Three-quarters of patients with acute insomnia were cured by a 60-minute cognitive-behavioural therapy session, new research has found.
Dr Jason Ellis, a Professor of Sleep Science in Northumbria University’s Department of Psychology who led the study, said:
“The results of our study clearly showed that a single therapy session had successful results, with an improvement in sleep quality for some 60% of those with acute insomnia within one month.
The longer-term benefits were even better with almost three quarters of those who received the intervention not developing chronic insomnia.
The researchers studied 40 adults who had been suffering from insomnia for less than three months.
They were given standard instructions on how to manage their insomnia.
(See the end of the article for link to some useful tips.)
Fighting insomnia at the earliest possible stage is the key, Professor Ellis said:
“Despite considerable evidence supporting the use of Cognitive Behavioural Therapy for chronic insomnia, it remained untested for acute insomnia until this study.
Chronic insomnia is a considerable health burden both on the individual and the economy and has been linked to the development of, or worsening of, a number of physical and psychiatric conditions.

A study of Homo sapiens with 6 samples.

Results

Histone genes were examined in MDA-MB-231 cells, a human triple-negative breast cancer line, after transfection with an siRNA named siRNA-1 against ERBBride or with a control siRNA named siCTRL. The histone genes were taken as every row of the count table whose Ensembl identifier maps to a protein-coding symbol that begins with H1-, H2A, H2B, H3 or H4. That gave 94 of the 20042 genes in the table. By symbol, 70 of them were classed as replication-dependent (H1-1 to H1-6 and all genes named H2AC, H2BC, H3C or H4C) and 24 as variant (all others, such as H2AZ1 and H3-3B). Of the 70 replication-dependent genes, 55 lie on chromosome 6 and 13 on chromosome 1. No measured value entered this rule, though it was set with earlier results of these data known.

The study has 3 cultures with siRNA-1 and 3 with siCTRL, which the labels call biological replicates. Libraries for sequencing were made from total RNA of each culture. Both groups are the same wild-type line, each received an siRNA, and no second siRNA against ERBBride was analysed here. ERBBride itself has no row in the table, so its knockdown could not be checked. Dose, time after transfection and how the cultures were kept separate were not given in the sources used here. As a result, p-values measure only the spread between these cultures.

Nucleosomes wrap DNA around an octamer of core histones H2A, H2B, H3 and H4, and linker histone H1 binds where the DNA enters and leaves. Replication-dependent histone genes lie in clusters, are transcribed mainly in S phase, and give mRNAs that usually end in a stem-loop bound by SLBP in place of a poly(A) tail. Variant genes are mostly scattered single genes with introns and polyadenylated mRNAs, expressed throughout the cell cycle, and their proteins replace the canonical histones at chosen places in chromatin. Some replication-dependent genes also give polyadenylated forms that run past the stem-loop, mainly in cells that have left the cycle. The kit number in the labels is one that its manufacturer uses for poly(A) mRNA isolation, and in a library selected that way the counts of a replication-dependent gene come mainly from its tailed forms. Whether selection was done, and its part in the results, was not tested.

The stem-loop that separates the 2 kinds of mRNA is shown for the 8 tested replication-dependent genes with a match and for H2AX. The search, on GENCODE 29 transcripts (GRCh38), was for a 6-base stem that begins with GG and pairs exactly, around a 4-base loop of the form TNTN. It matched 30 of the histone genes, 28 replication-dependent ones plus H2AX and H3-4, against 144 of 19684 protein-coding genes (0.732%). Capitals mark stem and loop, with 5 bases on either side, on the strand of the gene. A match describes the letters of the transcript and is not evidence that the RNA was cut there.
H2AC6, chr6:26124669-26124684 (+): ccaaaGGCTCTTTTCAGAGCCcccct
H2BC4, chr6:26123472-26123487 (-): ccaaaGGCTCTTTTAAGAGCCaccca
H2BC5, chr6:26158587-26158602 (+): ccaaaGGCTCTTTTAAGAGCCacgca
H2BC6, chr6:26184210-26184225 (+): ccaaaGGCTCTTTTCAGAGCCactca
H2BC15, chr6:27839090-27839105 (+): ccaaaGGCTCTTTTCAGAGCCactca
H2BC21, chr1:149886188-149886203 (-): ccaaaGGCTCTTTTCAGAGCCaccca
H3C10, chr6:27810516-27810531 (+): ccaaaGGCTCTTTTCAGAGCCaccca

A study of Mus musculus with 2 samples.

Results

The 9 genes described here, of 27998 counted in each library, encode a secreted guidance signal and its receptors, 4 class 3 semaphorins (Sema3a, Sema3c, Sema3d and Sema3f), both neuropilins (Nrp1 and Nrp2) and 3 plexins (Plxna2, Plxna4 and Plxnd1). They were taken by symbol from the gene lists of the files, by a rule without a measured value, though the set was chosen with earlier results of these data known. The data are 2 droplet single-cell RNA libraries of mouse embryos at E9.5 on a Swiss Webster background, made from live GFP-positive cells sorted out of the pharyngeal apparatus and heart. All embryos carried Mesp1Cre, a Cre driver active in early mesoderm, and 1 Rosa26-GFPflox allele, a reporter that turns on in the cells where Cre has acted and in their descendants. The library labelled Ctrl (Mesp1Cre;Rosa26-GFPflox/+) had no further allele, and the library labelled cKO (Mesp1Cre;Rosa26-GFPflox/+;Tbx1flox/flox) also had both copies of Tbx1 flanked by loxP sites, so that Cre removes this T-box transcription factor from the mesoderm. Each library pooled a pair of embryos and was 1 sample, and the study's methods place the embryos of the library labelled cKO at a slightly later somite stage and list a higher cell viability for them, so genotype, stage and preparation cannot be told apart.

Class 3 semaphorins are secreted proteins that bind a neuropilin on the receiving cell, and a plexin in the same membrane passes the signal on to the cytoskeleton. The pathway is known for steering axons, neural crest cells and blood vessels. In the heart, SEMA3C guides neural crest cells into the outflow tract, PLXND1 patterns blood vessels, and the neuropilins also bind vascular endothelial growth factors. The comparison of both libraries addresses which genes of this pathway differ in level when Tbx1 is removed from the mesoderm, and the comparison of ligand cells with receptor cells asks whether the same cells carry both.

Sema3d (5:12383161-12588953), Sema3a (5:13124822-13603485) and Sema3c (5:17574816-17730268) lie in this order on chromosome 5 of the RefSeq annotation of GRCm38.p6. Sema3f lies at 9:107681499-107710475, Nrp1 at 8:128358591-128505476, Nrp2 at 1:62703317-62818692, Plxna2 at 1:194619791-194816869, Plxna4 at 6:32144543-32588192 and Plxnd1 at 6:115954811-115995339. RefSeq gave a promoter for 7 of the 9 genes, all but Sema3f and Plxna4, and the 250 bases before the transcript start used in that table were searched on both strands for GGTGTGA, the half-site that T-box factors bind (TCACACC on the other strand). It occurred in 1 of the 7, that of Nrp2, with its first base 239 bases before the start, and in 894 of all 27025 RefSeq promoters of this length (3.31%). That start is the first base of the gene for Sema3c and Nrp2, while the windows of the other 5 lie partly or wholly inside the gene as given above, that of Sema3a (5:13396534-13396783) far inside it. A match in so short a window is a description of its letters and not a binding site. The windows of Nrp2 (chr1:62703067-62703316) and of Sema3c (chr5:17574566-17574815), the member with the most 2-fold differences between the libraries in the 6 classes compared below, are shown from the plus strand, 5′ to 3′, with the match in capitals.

It is also a highly prevalent and largely unrelenting condition, so anything we can do to stop acute insomnia developing to the chronic stage will be of real benefit.”
Professor Ellis continued:
“There are numerous advantages to treating insomnia during an acute phase.
If successful there is potential for significant savings in terms of long-term healthcare, lost productivity and accidents.
This becomes more pertinent when the costs associated with other illnesses, such as depression, for which insomnia is known to be a risk factor, are taken into account.”
The study was published in the journal Sleep (Ellis et al., 2015).